Fear Factor: Vasectomy
If the thought of getting a vasectomy causes you to break into a sweat, you’re not alone. We’ve got responses to the most common vasectomy-related concerns and questions.
What is a vasectomy?
A vasectomy is a method of male birth control in which the tubes that carry sperm are cut and sealed to prevent sperm from entering the semen.
How effective is the vasectomy as a form of birth control?A vasectomy is 99.85% effective for preventing pregnancy. However, a vasectomy does not provide immediate birth control. Patients should use alternate forms of birth control for at least three months following a vasectomy. Typically, it takes 10 to 20 ejaculations to completely clear sperm from the semen. A vasectomy offers no protection from sexually transmitted infections.
Is a vasectomy safe?
The short answer is “yes”. Vasectomy is a safe and effective procedure. Complications are rare. However, like any surgical procedure, there are risks including the following.
Right after the surgery:
- Bleeding or blood clot
- Mild pain
- Failure of the procedure to work as birth control
- Chronic scrotal pain
- Inflammation caused by leaking sperm (granuloma)
- Inflammation of the tube that collects and transports sperm
A vasectomy does not increase the risk of cancer or affect sexual performance. It will not change testosterone levels.
Is there anaesthetic for the procedure?Yes. Most often, local anaesthetic is used to minimize discomfort during the vasectomy. However, patients with complicating factors, such as previous scrotal surgery, may require sedation or general anaesthetic.
Advances in the vasectomy procedure, including the use of no-needle anaesthetic spray and local anaesthetic cream have made vasectomies more tolerable for patients.
How long is the recovery time?Patients are advised to rest for 24 hours after a vasectomy. After a couple of days, it is safe to do light activity, but lifting, sexual intercourse and playing sports should be avoided for a week to give the body time to heal.
How will my body feel after the vasectomy?Right after the vasectomy it’s normal to feel some pain. However, the amount of pain is usually significantly lower than what most men anticipate. Your doctor may recommend that you apply ice packs to your scrotum for the first couple of days to help reduce the swelling and bruising. You may also choose to wear tight-fitting underwear or a jock strap to support the scrotum.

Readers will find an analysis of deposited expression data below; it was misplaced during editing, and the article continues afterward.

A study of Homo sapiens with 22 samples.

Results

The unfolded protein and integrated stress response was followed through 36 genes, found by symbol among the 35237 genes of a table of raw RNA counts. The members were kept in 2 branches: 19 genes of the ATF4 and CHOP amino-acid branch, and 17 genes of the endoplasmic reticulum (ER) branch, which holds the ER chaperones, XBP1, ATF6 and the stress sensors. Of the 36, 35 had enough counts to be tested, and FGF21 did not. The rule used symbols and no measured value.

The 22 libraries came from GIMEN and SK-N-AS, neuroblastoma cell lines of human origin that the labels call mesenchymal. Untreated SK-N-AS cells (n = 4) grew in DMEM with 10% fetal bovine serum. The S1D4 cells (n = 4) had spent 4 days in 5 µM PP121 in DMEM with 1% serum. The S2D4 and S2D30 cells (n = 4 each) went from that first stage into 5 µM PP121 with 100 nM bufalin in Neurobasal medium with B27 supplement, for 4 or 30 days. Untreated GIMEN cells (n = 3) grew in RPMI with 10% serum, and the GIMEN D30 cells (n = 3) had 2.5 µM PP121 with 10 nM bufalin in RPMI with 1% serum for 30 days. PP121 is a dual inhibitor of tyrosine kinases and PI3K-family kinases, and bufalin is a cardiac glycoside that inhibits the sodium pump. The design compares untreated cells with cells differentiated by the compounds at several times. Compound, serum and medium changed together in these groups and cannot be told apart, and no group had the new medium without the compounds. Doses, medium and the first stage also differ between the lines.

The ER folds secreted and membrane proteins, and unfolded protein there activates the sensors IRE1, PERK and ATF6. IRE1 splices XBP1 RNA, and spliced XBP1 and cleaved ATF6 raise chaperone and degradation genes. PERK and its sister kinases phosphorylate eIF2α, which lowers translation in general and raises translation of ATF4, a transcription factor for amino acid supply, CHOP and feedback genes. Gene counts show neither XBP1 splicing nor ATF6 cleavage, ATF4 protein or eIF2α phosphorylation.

It’s not normal to run a fever, have worsening pain or swelling, or to have blood oozing from the incision. These may be signs of infection.
Can a vasectomy be reversed?A vasectomy should been viewed as a permanent form of birth control. However, our urologists routinely perform vasectomy reversals. The likelihood that a vasectomy reversal will lead to conceiving a child depends on multiple factors, particularly the length of time since the original vasectomy. The longer the time between the vasectomy and the reversal, the less likely the reversal will be successful.
Is the cost of a vasectomy covered by Alberta Health?
Alberta Health pays the cost of vasectomies for Alberta residents. Vasectomy reversals are not covered, and patients must pay out of pocket. Likewise, men choosing to have a vasectomy after a vasectomy reversal also have to pay.
Research finds actual vasectomy pain much less than anticipatedResearchers from the Department of Urology at the University of Oklahoma Health Centre found that patients greatly overestimated the level of pain they would feel from a vasectomy. 172 patients undergoing a vasectomy were asked to rate their anticipated pain prior to the procedure. Patients were then asked to rate their actual pain within 30 minutes of the procedure.
The researchers summarized their findings stating, “Our data shows that on an average, the pain experienced is only half as bad as expected...in other words patients’ ‘fear factor’ was making their anticipation of pain to be twice as bad as their actual experience during the procedure.”
Furr J, Baker R, Pham Q, Sindhwani P. Comparative analysis of anticipated pain versus experienced pain in patients undergoing office vasectomy. Can J Urol. 2017 Apr;24(2):8744-8748.